Today, I’m going to take a look at the bizarre live action manga adaptation, The Guyver.
The plot of The Guyver is described on IMDb as follows:
A young man discovers a mechanical device that merges with his own body, turning him into a cyborg superhero. When strange creatures start appearing, trying to take the device back, he begins to uncover a secret plot to genetically engineer terrifying monsters.
The source material for The Guyver is the manga series Bio Booster Armor Guyver, which was created by Yoshiki Takaya. The series first debuted in a serialized format in 1985, as part of the magazine Shonen Captain.
The Guyver had two directors, who both had extensive careers as special effects and makeup artists: Screaming Mad George, whose credits include Predator, Space Truckers, Children of the Corn III, The Dentist 2, Jack Frost, and A Nightmare On Elm Street 3, and Steve Wang, who worked on DeepStar Six, Harry and the Hendersons, The Monster Squad, Arena, and Hell Comes To Frogtown. However, neither man had any significant directing experience at the time. Years later, Wang directed 1997’s Drive and one episode of Power Rangers: Lost Galaxy, but neither man has done much in the way of directing outside of that.
The cast for the film included Mark Hamill (Slipstream, The Big Red One, The Flash, Batman: The Animated Series, Star Wars), Jeffrey Combs (Re-Animator, The Frighteners, From Beyond, Doctor Mordred, Castle Freak, Fortress), David Gale (Re-Animator, Bride of Re-Animator), Michael Berryman (The Hills Have Eyes), Linnea Quigley (Witchtrap, Night of the Demons, Return of the Living Dead), Vivian Wu (The Last Emperor, Teenage Mutant Ninja Turtles III), and Jack Armstrong (Days of Our Lives, The Bold and The Beautiful, All My Children).
The cinematographer for The Guyver was Levie Isaacks, whose other shooting credits include The Dentist, Texas Chainsaw Massacre: The Next Generation, Leprechaun, and Children of the Corn II.
The Guyver had two primary editors: Andy Horvitch (The Wonderful Ice Cream Suit, Stuck, Arena, American Ninja, The Pit and The Pendulum, Beeper, Demonic Toys, Edmond) and Joe Woo Jr., who was an assistant editor on The Fog, The Abyss, The Beastmaster, First Knight, Tuff Turf, and The New Adventures of Pippi Longstocking.
One of the producers for the film was Brian Yuzna, a renowned horror director and producer who is known for working on films like Re-Animator, From Beyond, Dolls, Dagon, The Dentist, and The Dentist 2, among others.
The Guyver received a sequel in 1994, titled Guyver 2: Dark Hero. This iteration was directed solely by Steve Wang, and had a markedly darker tone than the first film. It was also far better received than its predecessor, and is a bit of a cult movie in its own right.
The source manga, Bio Booster Armor Guyver, has been adapted a number of times over the years. On top of this live action film and its sequel, it was turned into a 2005 26-episode anime series, a 1989 12-episode OVA series, and a short 1986 OVA titled Guyver: Out of Control.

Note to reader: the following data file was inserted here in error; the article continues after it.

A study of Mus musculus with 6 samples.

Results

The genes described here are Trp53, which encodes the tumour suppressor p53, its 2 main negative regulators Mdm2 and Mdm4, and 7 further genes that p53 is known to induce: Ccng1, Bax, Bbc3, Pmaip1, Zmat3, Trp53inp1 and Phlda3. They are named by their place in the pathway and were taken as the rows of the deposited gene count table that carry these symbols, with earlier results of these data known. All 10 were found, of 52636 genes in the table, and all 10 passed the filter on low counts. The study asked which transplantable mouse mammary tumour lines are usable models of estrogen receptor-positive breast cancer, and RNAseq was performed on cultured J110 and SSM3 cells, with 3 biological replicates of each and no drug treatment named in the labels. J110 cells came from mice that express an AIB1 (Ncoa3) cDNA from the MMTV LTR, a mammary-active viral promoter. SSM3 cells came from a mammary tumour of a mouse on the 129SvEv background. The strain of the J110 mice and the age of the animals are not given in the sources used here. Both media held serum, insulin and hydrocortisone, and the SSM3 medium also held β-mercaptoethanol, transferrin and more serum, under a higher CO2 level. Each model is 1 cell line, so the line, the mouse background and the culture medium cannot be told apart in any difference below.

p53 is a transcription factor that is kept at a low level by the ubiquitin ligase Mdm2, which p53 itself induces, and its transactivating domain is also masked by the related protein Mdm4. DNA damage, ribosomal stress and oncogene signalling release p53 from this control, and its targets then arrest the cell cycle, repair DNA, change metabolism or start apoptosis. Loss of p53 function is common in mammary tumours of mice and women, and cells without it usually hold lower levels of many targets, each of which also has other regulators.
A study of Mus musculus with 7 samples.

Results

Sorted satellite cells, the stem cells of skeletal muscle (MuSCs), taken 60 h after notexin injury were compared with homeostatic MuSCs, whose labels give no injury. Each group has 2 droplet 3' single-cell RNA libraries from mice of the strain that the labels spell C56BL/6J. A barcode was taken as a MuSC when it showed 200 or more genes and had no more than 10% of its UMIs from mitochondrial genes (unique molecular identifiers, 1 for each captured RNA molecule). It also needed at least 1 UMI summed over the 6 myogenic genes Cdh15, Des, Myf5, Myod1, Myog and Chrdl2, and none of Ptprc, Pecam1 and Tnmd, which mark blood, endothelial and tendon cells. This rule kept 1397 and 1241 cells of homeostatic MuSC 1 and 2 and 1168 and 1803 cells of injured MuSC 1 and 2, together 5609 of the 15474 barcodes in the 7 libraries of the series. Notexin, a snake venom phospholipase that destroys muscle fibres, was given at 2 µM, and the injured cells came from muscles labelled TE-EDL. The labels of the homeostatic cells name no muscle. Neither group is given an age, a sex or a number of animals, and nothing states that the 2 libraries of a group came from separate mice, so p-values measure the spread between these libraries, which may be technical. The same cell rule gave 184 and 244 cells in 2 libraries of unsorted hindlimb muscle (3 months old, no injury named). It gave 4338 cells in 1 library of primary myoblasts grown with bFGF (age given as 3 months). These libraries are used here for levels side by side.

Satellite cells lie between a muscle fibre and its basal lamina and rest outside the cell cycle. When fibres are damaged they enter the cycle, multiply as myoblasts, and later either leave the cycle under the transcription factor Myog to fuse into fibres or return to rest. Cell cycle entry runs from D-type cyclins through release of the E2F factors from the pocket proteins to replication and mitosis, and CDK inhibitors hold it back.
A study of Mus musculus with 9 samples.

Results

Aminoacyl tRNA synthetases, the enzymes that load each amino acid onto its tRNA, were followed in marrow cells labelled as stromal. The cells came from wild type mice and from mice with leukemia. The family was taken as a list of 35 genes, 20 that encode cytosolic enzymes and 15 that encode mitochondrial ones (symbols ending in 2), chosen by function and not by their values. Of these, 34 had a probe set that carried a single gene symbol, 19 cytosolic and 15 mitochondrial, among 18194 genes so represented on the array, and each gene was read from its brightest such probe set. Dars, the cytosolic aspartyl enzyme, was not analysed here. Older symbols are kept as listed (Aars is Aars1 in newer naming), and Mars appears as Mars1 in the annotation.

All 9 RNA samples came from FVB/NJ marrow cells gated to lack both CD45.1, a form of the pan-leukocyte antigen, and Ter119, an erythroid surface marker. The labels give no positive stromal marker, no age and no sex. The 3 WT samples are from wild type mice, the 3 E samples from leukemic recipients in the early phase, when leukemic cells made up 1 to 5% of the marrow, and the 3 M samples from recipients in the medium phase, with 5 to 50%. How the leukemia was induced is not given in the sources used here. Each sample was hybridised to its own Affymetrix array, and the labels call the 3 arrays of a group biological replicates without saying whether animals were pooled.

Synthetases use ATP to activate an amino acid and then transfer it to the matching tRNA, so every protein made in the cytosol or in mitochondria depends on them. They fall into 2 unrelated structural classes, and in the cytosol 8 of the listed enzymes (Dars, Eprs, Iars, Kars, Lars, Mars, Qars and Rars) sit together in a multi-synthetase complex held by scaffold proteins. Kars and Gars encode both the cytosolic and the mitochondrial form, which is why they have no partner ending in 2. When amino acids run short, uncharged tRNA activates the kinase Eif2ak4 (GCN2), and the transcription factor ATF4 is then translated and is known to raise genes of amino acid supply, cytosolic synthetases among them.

If there is anything that can be said about The Guyver, it is that it is a movie filled with unique and ambitious effects. Honestly, the effects work here looks like stuff that you would find a much higher budget feature: these guys clearly knew what they were doing when they made these suits, and they look pretty impressive, particularly for a cheap movie.
One of my favorite aspects of The Guyver is that it is populated with lots of recognizable b-movie character actors, likely due to the directors’ connections from other productions, and the influence of Brian Yuzna. Guys like Jeffrey Combs and David Gale just know how to ham up a performance, and can add a lot to depth roles in a cast.
Live action movies with manga or anime source materials face distinct issues of tone and style, and The Guyver is no exception. It is by no means as weird and awkwardly done as Ricki-O: The Story of Ricki, but there are definitely some characters and dialogue moments that probably fit right in on the page, but didn’t translate quite right to live-action. Exaggerated motions and behaviors come off as particularly slapstick when acted out, as opposed to when they are drawn, which causes more tonal whiplash than when sequences are animated. For The Guyver, those comedic elements offset a style that should be more purely horrific, and the contrast creates a lot of jarring discord that just doesn’t belong on screen, even if it flowed well on the page. The best example of this is the first Guyver transformation, in which a goofy street gang harasses and cracks jokes at the protagonist, before they are quickly dispatched. Their antics belong in a Saturday morning cartoon, rather than a body horror superhero flick, and they cheapen the impact of the initial transformation sequence.
Overall, I think The Guyver is worth checking out, if only for the effects. Particularly for b-movie fans, the cast here is kind of a delight as well, even if the screenplay is a bit lacking. As I understand, the sequel is actually quite a bit better, and deals with a lot of the tonal issues that bothered me with this one, so I may check that out soon and cover it here.